In the same way, in another study, it was reported that the host quality or size is commonly correlated to the parasitoid fitness, especially in idiobiont
parasitoids, whose offspring may depend on the quality and size of the host at the time of oviposition (Gols and Harvey, 2008; Fortuna et al., 2012).
annuus, showed that idiobiont ectoparasitoids were represented by two species of Diglyphus, D.
pulchripes, and a decrease in differences in larval mortality between novel and normal plants [ILLUSTRATION FOR FIGURE 4 OMITTED] could be due to the generalist nature of Diglyphus, a solitary idiobiont ectoparasitoid.
The developmental strategy of an idiobiont
ectoparasitoid, Dendrocerus carpenteri: influence of variations in host quality on offspring growth and fitness.
This selection occurs because, in insect parasitoids, the fitness of the offspring is affected by the host chosen by the female, particularly in idiobiont
Herbivore mortality rates thus increase through host development, but this increase comprises both delayed mortality from koinobionts that attacked hosts earlier in their life cycle as well as immediate mortality by later attacks from both predators and idiobiont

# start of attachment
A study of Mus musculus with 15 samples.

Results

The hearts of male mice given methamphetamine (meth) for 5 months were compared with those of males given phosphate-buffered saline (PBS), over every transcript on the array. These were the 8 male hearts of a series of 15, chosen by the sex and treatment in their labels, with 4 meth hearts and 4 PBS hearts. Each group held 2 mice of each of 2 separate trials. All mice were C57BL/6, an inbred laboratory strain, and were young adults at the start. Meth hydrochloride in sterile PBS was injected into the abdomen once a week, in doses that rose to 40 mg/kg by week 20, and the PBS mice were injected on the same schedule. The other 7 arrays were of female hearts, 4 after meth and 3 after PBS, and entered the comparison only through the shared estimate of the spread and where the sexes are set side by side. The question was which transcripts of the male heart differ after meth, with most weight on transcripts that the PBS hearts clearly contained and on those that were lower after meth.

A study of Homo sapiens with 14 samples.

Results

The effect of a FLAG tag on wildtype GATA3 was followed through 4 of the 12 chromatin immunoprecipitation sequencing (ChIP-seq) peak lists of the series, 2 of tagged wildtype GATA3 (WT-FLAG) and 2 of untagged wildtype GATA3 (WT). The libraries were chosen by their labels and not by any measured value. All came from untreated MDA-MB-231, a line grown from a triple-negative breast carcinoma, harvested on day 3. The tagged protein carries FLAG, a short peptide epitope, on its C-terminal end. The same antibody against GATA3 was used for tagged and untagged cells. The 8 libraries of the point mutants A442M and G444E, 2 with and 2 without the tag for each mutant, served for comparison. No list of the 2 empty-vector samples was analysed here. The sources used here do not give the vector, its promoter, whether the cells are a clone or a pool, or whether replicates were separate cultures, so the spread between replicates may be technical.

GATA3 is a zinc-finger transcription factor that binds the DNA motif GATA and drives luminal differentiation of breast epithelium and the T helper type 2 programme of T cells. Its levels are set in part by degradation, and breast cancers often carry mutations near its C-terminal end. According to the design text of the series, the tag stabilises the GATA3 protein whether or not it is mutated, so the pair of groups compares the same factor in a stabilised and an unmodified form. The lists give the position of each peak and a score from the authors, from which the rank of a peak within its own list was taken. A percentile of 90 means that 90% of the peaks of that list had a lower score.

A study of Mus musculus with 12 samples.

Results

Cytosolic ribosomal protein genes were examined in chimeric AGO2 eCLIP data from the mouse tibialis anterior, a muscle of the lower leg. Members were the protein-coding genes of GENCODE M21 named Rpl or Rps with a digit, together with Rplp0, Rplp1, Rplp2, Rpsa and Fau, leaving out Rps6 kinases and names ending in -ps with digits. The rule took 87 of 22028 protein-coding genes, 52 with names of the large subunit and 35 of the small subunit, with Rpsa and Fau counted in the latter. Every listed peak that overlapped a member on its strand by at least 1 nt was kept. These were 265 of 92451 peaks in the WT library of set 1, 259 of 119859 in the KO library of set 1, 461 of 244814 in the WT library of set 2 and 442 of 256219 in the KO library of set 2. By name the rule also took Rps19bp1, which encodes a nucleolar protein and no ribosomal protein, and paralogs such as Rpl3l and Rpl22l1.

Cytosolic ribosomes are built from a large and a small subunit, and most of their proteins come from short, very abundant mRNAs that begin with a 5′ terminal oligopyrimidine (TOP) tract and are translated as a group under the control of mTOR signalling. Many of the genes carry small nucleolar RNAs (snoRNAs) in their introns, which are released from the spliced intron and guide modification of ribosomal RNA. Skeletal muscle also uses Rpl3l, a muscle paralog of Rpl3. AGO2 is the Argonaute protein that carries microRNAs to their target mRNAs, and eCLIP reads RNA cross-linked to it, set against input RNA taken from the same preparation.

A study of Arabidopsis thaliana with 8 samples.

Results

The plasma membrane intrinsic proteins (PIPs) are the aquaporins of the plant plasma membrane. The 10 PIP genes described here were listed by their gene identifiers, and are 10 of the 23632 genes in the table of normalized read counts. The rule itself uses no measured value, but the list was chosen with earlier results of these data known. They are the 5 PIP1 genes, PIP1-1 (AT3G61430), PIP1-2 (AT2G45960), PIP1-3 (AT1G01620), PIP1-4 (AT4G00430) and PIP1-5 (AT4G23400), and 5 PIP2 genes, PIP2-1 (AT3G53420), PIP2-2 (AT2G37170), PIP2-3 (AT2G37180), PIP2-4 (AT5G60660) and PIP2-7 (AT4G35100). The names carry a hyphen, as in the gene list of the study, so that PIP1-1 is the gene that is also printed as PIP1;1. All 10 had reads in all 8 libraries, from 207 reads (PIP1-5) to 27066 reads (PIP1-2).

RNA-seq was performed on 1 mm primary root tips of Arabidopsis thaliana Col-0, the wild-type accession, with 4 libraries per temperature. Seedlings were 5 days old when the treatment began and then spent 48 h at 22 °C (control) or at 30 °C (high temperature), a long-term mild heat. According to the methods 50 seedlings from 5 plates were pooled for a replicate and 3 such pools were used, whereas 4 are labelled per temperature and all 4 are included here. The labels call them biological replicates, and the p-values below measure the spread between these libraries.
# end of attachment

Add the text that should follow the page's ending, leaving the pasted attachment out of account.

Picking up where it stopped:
parasitoids that require fully grown larvae and pupae for development.
In contrast, idiobiont
parasitoid species, such as T.
The eurytomid thus develops as a gregarious, idiobiont
Yet, the koinobiont endoparasitoid Pseudapanteles dignus (Muesebeck, 1938) (Hymenoptera: Braconidae) and the idiobiont
ectoparasitoid Dineulophus phthorimaeae (De Santis, 1983) (Hymenoptera: Eulophidae) accomplish over 50% of natural parasitism and exhibit promising attributes for either augmentative or conservation biological control in the native range of T.
(2008) and de Leon & Setamou (2010) reviewed the history and effectiveness of the host specific idiobiont
ectoparasitoid Tamarixia radiata (Waterston, 1922) (Hymenoptera: Eulophidae) in controlling D.
ectoparasitoids usually have a wide host range.
The genus Uscana Girault (Hymenoptera: Trichogrammatidae) is comprised of solitary and idiobiont
endoparasitoids, with 90% of its species using eggs of the coleopteran subfamily, Bruchinae, as hosts.